Over the approximately six years since Ontario’s anti-SLAPP legislation was introduced, Ontario courts and the Supreme Court of Canada have provided significant guidance with respect to the substantive elements of the anti-SLAPP regime – but certain procedural aspects have remained elusive. Fortunately, in the lead-up to the Thanksgiving long weekend, an Ontario Superior Court decision has clarified a key procedural component of the anti-SLAPP scheme.
Sections 137.1-137.5 of the Courts of Justice Act create a mechanism by which a defendant can seek the early dismissal of a lawsuit that qualifies as a “strategic lawsuit against public participation” (colloquially called a “SLAPP”), or which has the effect of unduly suppressing expression on matters of public interest. Pursuant to those provisions, once an anti-SLAPP motion has been “made”, the action is stayed – or suspended – such that no further steps may be taken in the proceeding until the motion has been finally disposed of. However, the statute does not clearly identify at what point the motion is considered to have been “made”.
The Ontario Superior Court recently addressed this issue in Canadian Thermo Windows Inc. v Seangio. The plaintiff window supplier had sued two of its customers who posted negative reviews on internet review sites for defamation. The defendants responded by serving a notice of motion for an anti-SLAPP motion, and scheduled an appearance in Civil Practice Court (“CPC”) to obtain a date for the motion. The night before the CPC attendance, the plaintiffs purported to discontinue their lawsuit in an attempt to avoid the cost (and costs consequences) of an anti-SLAPP motion. The defendants sought costs and damages, pursuant to the anti-SLAPP scheme.
The parties disagreed on the defendants’ entitlement to the benefit of the anti-SLAPP provisions. The defendants took the position that the action had been stayed by their anti-SLAPP motion, such that the plaintiffs could not validly discontinue their action, and the defendants’ motion was active. The plaintiffs took the position that the anti-SLAPP motion had not yet been “made” because no motion date had been obtained prior to the notice of motion being served, and that the stay therefore had not come into effect.
Justice Myers engaged in a statutory interpretation exercise to determine when an anti-SLAPP motion is “made”. He concluded that, in the context of the anti-SLAPP provisions, a motion is “made” “when the moving defendant takes the last step unilaterally available for it to do so under the applicable Rules and practice directions”. Such a result was consistent with the language of the statutory provisions, and consistent with the legislative intention:
- The statute refers to the motion being “made” in relation to the stay of proceedings, rather than “served” or “filed” (which are used in other provisions of the anti-SLAPP scheme). The requirement to obtain a motion date before serving a notice of motion therefore is not determinative of when the motion is made, and consequently, when a stay of proceedings is imposed.
- The anti-SLAPP scheme is intended to prevent a plaintiff from inflicting substantial costs on defendants to chill their participation in public interest expression. If a proceeding is not stayed until an anti-SLAPP motion date is obtained from the court (a step which requires cooperation by the plaintiff), plaintiffs would have the opportunity to take untoward or costly steps when they know an anti-SLAPP motion is coming but has not yet been scheduled. This would frustrate the intention of the statutory scheme. The stay of proceedings coming into effect when the defendant has taken all unilateral steps available to it, rather than depending on steps requiring the cooperation of the plaintiff, furthers the legislative intention.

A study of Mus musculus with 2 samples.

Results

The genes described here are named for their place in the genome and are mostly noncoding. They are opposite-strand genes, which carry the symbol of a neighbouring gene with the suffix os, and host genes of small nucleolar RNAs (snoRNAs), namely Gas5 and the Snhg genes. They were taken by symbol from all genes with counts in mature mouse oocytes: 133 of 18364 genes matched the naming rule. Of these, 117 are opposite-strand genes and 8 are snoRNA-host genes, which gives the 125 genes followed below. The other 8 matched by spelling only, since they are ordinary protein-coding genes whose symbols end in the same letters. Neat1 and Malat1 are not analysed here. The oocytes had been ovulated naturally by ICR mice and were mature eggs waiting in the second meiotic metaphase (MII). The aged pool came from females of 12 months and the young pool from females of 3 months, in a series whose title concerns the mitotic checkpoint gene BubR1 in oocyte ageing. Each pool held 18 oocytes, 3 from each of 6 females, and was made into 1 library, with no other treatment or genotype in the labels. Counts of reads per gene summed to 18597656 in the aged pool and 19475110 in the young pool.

In this case, the defendants had taken the step of delivering a Requisition to Attend Civil Practice Court, to obtain a CPC attendance to schedule their anti-SLAPP motion. This was the last step unilaterally available to them. Their anti-SLAPP motion was “made” at that time, with the result that the proceeding was stayed at the time the plaintiffs delivered a notice of discontinuance. In the circumstances, the plaintiffs’ discontinuance was ineffective.
Justice Myers proceeded to decide the merits of the anti-SLAPP motion. He found that the action arose from expression on a matter of public interest, and that the plaintiffs had not met their burden to establish grounds to believe that the defendants’ defences of justification and fair comment were not valid. He also found that the public interest favoured protecting the defendants’ expression. The evidence suggested that the plaintiffs’ loss resulting from the alleged defamation would be modest at best. This was outweighed by the action’s display of the common indicia of a SLAPP suit, and the court’s finding that the action was likely retributive in design. Justice Myers therefore granted the anti-SLAPP motion and dismissed the action, awarding the defendants their costs on a full indemnity scale and an additional nominal damages award.
This decision should provide much-needed procedural clarity for counsel seeking to bring anti-SLAPP motions – something we can all be thankful for.
 Courts of Justice Act, RSO 1990, c C.43, s 137.1(5).
 2021 ONSC 6555.
 In Toronto, long motions must be scheduled at a Civil Practice Court attendance prior to the serving of a notice of motion: see Consolidated Practice Direction for Civil Actions, Applications, Motions and Procedural Matters in the Toronto Region.
 See Courts of Justice Act, RSO 1990, c C.43, s 137.1(7)-(9).
 See Courts of Justice Act, RSO 1990, c C.43, s 137.2(3): “The moving party shall obtain the hearing date for the motion from the court before notice of the motion is served.”
 Canadian Thermo Windows Inc. v Seangio, 2021 ONSC 6555 at para 81.